This morning I was reading about Michelle Williams’ new spread in Vogue and her recent openness about the death of Heath Ledger when I stumbled upon this, which she said:
Look, it’s not a perfectly operating system, there are holes and dips and electrical storms, but the basics are intact. [The death has] changed how I see the world and how I interact on a daily basis. It’s changed the parent I am. It’s changed the friend I am. It’s changed the kind of work that I really want to do. It’s become the lens through which I see life — that it’s all impermanent.
I’ve been reading a lot lately about how certain life events can certainly change your outlook. (Hello – the 10th anniversary of 9.11 was just 4 days ago.) It’s stories of sunshine through pain that are unfolding themselves as lighthouses, not just to me (but to me as well).
Last week I couldn’t get over sadness. Unnecessary, unneeded sadness. It wasn’t a life event, for me. It was a week of feeling down and getting a few small yet swift kicks while I was down there. It made me think a lot about To Write Love on Her Arms and why I think that is such an important charitable organization to recognize. People dip for a reason and sometimes, for no reason at all. Sometimes it can be caused by the loss of a loved one, sometimes by the loss of a job, and sometimes by the loss of one’s self.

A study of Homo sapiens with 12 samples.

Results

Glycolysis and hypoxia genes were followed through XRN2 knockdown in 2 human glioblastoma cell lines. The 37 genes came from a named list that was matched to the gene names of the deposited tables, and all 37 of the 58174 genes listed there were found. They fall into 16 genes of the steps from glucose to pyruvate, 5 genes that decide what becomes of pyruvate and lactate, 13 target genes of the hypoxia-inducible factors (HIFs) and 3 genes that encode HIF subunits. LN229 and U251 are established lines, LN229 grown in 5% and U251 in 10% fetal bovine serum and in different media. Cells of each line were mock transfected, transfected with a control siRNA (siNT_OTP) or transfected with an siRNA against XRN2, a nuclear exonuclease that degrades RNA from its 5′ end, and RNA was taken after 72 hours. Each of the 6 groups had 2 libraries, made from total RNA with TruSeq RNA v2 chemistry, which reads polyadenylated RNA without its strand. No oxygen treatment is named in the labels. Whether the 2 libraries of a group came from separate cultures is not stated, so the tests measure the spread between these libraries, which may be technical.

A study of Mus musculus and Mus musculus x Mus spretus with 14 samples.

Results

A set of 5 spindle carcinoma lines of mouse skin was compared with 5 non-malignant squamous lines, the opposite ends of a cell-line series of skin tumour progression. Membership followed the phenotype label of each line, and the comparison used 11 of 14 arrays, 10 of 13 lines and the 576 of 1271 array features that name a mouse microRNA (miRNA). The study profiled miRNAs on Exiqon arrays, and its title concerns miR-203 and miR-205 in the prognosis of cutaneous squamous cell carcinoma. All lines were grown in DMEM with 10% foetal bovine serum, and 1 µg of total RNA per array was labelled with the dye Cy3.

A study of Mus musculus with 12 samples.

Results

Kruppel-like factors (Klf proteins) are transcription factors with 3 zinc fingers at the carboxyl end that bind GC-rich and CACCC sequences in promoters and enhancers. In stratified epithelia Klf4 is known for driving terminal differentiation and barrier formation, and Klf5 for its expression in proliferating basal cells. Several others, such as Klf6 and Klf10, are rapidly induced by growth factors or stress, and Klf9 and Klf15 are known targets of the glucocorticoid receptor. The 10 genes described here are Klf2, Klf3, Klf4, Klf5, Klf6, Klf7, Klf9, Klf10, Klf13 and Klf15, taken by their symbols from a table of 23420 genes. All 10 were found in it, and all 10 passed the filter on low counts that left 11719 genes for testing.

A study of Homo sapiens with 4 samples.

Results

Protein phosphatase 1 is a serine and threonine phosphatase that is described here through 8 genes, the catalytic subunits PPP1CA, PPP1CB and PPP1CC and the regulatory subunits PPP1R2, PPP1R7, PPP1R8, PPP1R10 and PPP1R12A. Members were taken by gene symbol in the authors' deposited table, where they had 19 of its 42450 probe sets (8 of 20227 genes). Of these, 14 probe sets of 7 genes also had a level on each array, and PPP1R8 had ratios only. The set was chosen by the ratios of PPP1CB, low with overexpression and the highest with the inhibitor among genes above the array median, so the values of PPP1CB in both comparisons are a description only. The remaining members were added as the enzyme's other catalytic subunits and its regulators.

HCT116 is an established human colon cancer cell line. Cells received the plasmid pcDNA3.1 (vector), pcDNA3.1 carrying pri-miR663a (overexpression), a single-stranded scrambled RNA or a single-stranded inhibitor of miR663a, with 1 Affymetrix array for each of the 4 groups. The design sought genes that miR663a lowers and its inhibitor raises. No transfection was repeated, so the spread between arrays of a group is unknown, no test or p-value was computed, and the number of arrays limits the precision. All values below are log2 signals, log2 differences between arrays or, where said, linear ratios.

A lot of people have asked me – more recently, I’ve felt, than ever before – what exactly TWLOHA is. I say it’s about hope. How can we find hope?
I find hope in friendships and in fashion and in beauty and in silliness and funny stories. I’ve found a lot of hope in love this past year. I find hope in the unseen. I find hope in God. I find hope in compassion and humility and in the strength of others. I find hope in the ability to relish in the sun on a secluded beach with someone you love — or even in the mere thought of that happening. I find hope in the love of other’s, in the simple pleasures, and even in Chick-fil-A.